IT'S NOT A TOY: Explaining Geek Collectibles to Noobs
I am in my late thirties, and if you were to come to my home, you would see countless “toys” still in boxes, hanging from my walls. You would see lightsabers and sonic screwdrivers. You would see Batman cowls and classic generation 1 GI-JOE figures, with FULLY ARTICULATED LIMBS, PEOPLE! You would see boxed versions of Finn and Jake from Adventure Time. You would see that, on my desk, I have a little vinyl “toy” versions of many horror movie characters, as well as pop fiction pieces. Hell, right now I have a dead Kenny from South Park staring at me while I write this. But make no mistakes. All of those things mentioned may be toys to some people, but to true geeks, they are geek collectibles, and they are one of the best (and most misunderstood) things about being a geek.
So for those who think the things I mentioned were toys, please keep reading. Heck, everyone keep reading.
By Definition, everything I mentioned may have once been toys, as toys are “used and played with.” So using naturalism as logic, you are right. They are toys. But only if treated as such. The huge difference between toys and geek collectibles is that simple fact that most geeks who collect stuff they like are smart enough to keep the stuff in boxes. Not just for eventual pay-off, but there is just something sacrilegious about taking a figure or toy out of a box to play with (once you reach true geekdom).
So yes, by definition and the name on the aisles these things are often located in, they are toys. But let me ask you something. What was the last toy you sold for two hundred thousand dollars? I am asking because that is how much an original 1963 GI-Joe figure sold on eBay in 2003. That was 13 years ago. Probably worth even more now.
Would you play with two hundred thousand dollars? No, so, not a toy. Actually, so much more.
Let me make something clear at this point, if you are an adult who has and plays with toys, I am actually jealous of you. I wish I could bust out some of these (I really want Sadness from Inside Out and Spawn to hook up, but have yet to introduce the two) so please do not think I am insulting you. I just know I speak for myself and many other geeks when I say we get the geek thing because we want it, but we often keep them boxed because we KNOW this stuff doubles and triples in value over time. Plus, once it was cool for Dads to pass down cars to their sons. Those days are over. Now it is cool for a Dad to pass down his near mint toy collection and all his games and consoles. Now that is patriarchal love.Keep the car, pops. I want Batman #1. Real talk.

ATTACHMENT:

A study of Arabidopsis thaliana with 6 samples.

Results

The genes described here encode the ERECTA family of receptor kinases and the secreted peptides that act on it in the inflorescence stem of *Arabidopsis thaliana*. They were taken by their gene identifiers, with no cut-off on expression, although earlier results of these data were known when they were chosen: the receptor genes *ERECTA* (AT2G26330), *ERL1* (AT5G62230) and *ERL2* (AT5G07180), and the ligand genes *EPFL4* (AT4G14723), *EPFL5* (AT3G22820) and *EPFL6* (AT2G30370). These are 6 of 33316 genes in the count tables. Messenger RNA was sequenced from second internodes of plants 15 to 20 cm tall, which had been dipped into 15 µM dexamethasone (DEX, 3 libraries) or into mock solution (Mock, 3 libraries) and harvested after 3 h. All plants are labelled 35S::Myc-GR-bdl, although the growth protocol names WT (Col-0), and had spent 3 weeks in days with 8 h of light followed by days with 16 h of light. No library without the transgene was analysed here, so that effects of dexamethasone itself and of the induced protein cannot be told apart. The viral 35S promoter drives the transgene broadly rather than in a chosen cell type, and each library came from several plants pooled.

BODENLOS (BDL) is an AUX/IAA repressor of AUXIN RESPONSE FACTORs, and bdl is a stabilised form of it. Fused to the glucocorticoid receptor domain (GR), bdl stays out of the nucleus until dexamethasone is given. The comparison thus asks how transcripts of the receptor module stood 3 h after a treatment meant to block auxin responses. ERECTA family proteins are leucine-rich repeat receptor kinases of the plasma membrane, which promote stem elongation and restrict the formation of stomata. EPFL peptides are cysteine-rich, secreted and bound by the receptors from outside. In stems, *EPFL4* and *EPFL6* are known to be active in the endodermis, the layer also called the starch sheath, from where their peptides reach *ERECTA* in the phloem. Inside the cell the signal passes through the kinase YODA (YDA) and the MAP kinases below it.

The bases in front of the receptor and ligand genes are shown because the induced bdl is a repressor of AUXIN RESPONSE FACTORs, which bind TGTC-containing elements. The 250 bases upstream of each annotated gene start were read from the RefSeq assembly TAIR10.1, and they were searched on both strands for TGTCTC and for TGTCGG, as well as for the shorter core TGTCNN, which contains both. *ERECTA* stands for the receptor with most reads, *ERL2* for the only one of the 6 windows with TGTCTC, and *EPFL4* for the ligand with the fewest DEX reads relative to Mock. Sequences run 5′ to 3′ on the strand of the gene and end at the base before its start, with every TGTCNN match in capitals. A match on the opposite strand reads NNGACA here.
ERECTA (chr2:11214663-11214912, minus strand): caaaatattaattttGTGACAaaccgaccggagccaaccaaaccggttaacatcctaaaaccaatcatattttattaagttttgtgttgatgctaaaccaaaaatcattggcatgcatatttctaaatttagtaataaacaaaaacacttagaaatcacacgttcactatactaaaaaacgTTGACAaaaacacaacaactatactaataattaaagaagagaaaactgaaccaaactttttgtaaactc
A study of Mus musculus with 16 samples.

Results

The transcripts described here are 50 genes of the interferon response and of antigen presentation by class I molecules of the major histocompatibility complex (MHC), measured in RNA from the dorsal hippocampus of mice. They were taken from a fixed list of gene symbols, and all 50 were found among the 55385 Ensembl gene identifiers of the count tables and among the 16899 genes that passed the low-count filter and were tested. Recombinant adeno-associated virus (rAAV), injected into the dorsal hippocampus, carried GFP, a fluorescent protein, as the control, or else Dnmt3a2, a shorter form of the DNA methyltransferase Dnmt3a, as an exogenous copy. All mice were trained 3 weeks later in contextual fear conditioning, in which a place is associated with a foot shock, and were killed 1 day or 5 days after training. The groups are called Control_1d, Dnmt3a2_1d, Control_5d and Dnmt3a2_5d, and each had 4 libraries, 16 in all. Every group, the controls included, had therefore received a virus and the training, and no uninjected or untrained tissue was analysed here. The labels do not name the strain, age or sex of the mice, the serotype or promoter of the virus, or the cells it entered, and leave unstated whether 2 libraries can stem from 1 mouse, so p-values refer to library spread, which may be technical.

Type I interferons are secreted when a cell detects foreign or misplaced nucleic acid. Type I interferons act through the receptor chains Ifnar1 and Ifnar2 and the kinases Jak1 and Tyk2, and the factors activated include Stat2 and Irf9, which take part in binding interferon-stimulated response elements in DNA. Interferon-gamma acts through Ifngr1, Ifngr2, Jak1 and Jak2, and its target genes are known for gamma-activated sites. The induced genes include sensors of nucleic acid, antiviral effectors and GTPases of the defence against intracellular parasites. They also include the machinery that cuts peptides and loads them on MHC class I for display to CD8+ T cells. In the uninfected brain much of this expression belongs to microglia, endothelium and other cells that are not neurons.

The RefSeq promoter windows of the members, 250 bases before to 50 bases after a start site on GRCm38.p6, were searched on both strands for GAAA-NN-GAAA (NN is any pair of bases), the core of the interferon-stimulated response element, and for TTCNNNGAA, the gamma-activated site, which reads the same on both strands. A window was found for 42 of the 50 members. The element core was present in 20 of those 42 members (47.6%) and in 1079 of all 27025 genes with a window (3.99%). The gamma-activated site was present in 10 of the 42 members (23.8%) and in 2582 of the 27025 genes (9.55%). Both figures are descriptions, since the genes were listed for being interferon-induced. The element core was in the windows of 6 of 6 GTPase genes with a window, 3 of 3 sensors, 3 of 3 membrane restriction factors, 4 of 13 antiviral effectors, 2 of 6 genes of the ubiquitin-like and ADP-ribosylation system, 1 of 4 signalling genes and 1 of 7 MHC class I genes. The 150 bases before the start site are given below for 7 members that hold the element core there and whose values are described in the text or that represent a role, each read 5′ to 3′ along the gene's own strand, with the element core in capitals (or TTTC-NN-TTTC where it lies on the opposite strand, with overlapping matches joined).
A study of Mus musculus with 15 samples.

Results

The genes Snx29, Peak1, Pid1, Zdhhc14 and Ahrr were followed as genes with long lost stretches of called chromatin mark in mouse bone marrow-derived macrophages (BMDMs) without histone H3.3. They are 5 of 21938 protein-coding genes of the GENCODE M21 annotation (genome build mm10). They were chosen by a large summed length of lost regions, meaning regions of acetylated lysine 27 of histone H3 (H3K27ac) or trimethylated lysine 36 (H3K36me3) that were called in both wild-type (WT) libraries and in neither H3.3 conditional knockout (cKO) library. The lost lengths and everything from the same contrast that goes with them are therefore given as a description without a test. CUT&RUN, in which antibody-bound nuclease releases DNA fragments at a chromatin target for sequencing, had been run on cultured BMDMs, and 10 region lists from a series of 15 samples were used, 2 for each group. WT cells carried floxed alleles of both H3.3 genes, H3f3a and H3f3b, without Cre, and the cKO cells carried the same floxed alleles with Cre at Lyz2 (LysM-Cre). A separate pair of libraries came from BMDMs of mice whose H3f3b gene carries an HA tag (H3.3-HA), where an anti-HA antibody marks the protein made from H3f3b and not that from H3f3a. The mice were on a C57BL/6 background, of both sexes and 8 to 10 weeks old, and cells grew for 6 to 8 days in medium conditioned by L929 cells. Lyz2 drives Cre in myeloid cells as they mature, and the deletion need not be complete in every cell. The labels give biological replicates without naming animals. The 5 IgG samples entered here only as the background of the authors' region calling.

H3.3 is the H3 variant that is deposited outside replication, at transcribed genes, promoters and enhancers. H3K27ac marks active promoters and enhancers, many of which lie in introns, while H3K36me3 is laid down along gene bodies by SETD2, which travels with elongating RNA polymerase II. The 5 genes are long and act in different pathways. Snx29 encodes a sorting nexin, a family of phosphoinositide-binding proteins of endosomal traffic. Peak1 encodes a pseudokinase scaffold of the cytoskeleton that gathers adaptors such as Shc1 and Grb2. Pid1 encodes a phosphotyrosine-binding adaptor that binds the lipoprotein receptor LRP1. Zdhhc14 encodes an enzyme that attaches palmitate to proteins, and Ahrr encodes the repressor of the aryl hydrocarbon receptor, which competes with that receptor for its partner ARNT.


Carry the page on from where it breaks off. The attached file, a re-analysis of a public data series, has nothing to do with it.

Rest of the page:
BUT (and there is ALWAYS a but)…..
That really isn’t why most of us do it, either. I guarantee I have collectibles and toys lying around worth thousands, but I am not selling. Why?
We Live for this Shit!
That is what non-geeks will never understand. We live for this shit, we really do. Being a geek is a lifestyle choice. And with that lifestyle choices comes certain responsibilities. One of those is to love and support the things we like, like games and animation and weird movies and relics of those very things we can hold in our hands, which is what geek collecting is. It takes you from being a passive witness in a world and makes you a member of it.
So you can be impressed and want to see them, but don’t come to my house and ever call these toys. I have a variant Joker figurine that could put on of your kids through college right now. So laugh and undermine all you want, but the basketball you’re playing with wont be worth shit in ten years. Hell, it isn’t worth shit now. Someone had to tell you.
But to the nerd, sitting inside reading Gotham Academy right now? Well, you better bag, back, and box those beauties, because one day, some day, every geek thing you own will be worth a great deal to someone who doesn’t own them. And in that moment, we rise up and take over as we are legion, and we have inherited this earth, as was predicted so many years ago.